From the Australian. (h/t to Andrew Bolt)
Bureau blows hot and cold over Antarctica warm-up as Bureau of Metereology backs down from a claim that temperatures at Australia’s three bases in Antarctica have been warming over the past three decades
With weather stations like the ones below, it might be a bit hard to separate the real temperature signal of Antarctica from your local UHI. I wonder how much more cooling would be evident in the data had the weather stations been placed away from the “living pods”?
This picture on a postage stamp from Australia, celebrating the Australian Antarctic Territory in 1997, may help settle the issue. Note the Stevenson Screen near the “living pod” on the right.
Here is the larger photo of the first day of issue card, the Stevenson Screen is also just visible above the snowbank in the lower right. Rather close to human habitation I’d say. Looks like its in the middle of a small AHI (Antarctic Heat Island).
Here is what Australia’s Mawson Station looked like circa 1956-1957:
And here is what Mawson station looks like today, as of Feb09. It appears they dumped the “living pods”. Maybe a little “urban growth” going on there?
Here’s another picture of a Stevenson Screen close to a building in Antarctica, from the British Antarctic Survey:
Location: Fossil Bluff, Alexander Island
Photographer: Pete Bucktrout
THE Bureau of Meteorology has backed down from a claim that temperatures at Australia’s three bases in Antarctica have been warming over the past three decades.
A senior bureau climatologist had accused The Weekend Australian of manufacturing a report that temperatures were cooling in East Antarctica, where Australia’s Mawson, Davis and Casey bases are located.
The trend of temperatures and ice conditions in Antarctica is central to the debate on global warming because substantial melting of the Antarctic ice cap, which contains 90 per cent of the world’s ice, would be required for sea levels to rise.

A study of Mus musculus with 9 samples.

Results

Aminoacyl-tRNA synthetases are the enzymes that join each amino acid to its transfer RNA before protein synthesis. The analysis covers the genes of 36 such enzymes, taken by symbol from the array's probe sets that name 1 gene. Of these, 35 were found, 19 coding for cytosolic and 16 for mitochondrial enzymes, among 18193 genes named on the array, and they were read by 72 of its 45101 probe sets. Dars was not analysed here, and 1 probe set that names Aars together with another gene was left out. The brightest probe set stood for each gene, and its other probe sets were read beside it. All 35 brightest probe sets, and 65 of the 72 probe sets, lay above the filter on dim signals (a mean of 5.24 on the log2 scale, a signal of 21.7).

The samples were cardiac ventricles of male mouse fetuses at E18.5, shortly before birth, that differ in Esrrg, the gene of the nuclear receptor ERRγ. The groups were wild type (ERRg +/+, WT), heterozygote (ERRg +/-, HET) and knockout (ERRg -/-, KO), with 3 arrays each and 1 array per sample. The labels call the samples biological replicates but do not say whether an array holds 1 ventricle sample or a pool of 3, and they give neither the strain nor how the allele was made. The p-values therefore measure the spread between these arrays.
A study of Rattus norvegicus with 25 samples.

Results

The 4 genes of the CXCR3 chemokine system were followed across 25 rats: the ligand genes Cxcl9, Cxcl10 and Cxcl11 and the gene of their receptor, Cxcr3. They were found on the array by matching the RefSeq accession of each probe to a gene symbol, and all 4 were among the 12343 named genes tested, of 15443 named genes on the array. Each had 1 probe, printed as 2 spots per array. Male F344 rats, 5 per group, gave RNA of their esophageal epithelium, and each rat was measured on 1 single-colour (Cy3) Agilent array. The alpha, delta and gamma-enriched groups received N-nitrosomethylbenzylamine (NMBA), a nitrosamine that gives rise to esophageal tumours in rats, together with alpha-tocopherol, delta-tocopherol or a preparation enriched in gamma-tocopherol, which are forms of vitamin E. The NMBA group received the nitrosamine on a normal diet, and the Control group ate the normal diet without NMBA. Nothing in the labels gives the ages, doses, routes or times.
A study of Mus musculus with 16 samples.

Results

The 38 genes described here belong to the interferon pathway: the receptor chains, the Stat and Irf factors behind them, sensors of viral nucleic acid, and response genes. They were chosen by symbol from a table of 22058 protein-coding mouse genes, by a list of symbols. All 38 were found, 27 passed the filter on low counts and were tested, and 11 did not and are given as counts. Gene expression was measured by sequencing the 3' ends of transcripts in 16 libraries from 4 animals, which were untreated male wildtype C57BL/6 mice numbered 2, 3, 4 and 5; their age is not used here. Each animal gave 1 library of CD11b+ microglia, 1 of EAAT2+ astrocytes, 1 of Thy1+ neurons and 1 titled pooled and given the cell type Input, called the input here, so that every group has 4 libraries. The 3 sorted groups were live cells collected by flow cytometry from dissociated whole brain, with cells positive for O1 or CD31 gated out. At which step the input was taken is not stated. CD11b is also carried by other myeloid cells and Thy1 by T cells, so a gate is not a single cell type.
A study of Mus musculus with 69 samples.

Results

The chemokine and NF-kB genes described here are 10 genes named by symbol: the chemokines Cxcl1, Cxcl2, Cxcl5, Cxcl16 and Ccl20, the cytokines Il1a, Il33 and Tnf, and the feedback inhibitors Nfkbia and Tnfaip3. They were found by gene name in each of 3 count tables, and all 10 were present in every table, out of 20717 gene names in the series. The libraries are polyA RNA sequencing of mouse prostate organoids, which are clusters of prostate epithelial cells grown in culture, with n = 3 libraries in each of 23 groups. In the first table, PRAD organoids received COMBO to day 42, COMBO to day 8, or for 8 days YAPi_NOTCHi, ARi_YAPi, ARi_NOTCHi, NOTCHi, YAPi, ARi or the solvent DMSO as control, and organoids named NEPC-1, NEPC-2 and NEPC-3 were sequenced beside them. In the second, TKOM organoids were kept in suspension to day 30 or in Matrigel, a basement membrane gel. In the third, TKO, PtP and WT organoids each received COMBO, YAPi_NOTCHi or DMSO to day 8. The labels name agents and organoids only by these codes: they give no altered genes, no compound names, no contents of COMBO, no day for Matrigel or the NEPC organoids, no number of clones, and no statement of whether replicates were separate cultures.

While calvings from ice shelves in parts of West Antarctica have generated headlines, evidence has emerged that temperatures are cooling in the east of the continent, which is four times the size of West Antarctica.
Contrary to widespread public perceptions, the area of sea ice around the continent is expanding.
The Weekend Australian reported last month a claim by Bureau of Meteorology senior climatologist Andrew Watkins that monitoring at Australia’s Antarctic bases since the 1950s indicated temperatures were rising. A study was then published by the British Antarctic Survey that concluded the ozone hole was responsible for the cooling and expansion of sea ice around much of the continent.
The head of the study project, John Turner, said at the time that the section of Antarctica that included the Australian bases was among the areas that had cooled.
Dr Watkins said The Weekend Australian had misrepresented the results of the BAS study, which made no findings about temperatures at Australian bases.
When it was pointed out to Dr Watkins that Professor Turner had been quoted directly, Dr Watkins said his bureau, and not the BAS, was the agency collecting temperature data.
“You kept going until you got the answer you wanted,” Dr Watkins said.
“You were told explicitly that the data collected by the Bureau of Metereology at the Australian bases shows a warming for maximum temperatures at all bases, and minimum temperatures at all but Mawson.”
However, Professor Turner told The Weekend Australian the data showed a cooling of the East Antarctica coast associated with the onset of the ozone layer from 1980 onwards. Professor Turner said the monthly mean temperatures for Casey station from 1980 to 2005 showed a cooling of 0.45C per decade. In autumn, the temperature trend has been a cooling of 0.93C per decade.
“These fairly small temperature trends seem to be consistent to me with the small increase in sea ice extent off the coast,” he said.
Dr Watkins did not dispute the figures referred to by Professor Turner.
Referring to the bureau’s data collection since the 1950s, Dr Watkins said Professor Turner’s figures were “only half of the full data set”.
However, Dr Watkins admitted that analysis of the data might show “an ozone-induced cooling trend in the latter half of the record” — a reference to the past three decades.
Dr Watkins declined to release the temperature data to The Weekend Australian. He said it had still to be fully analysed by the bureau.
Nationals Senate leader Barnaby Joyce said he hoped all government agencies would co-operate in helping to inform the global warming debate.
“These agencies need to be able to dispense the facts without fear or bias,” he said.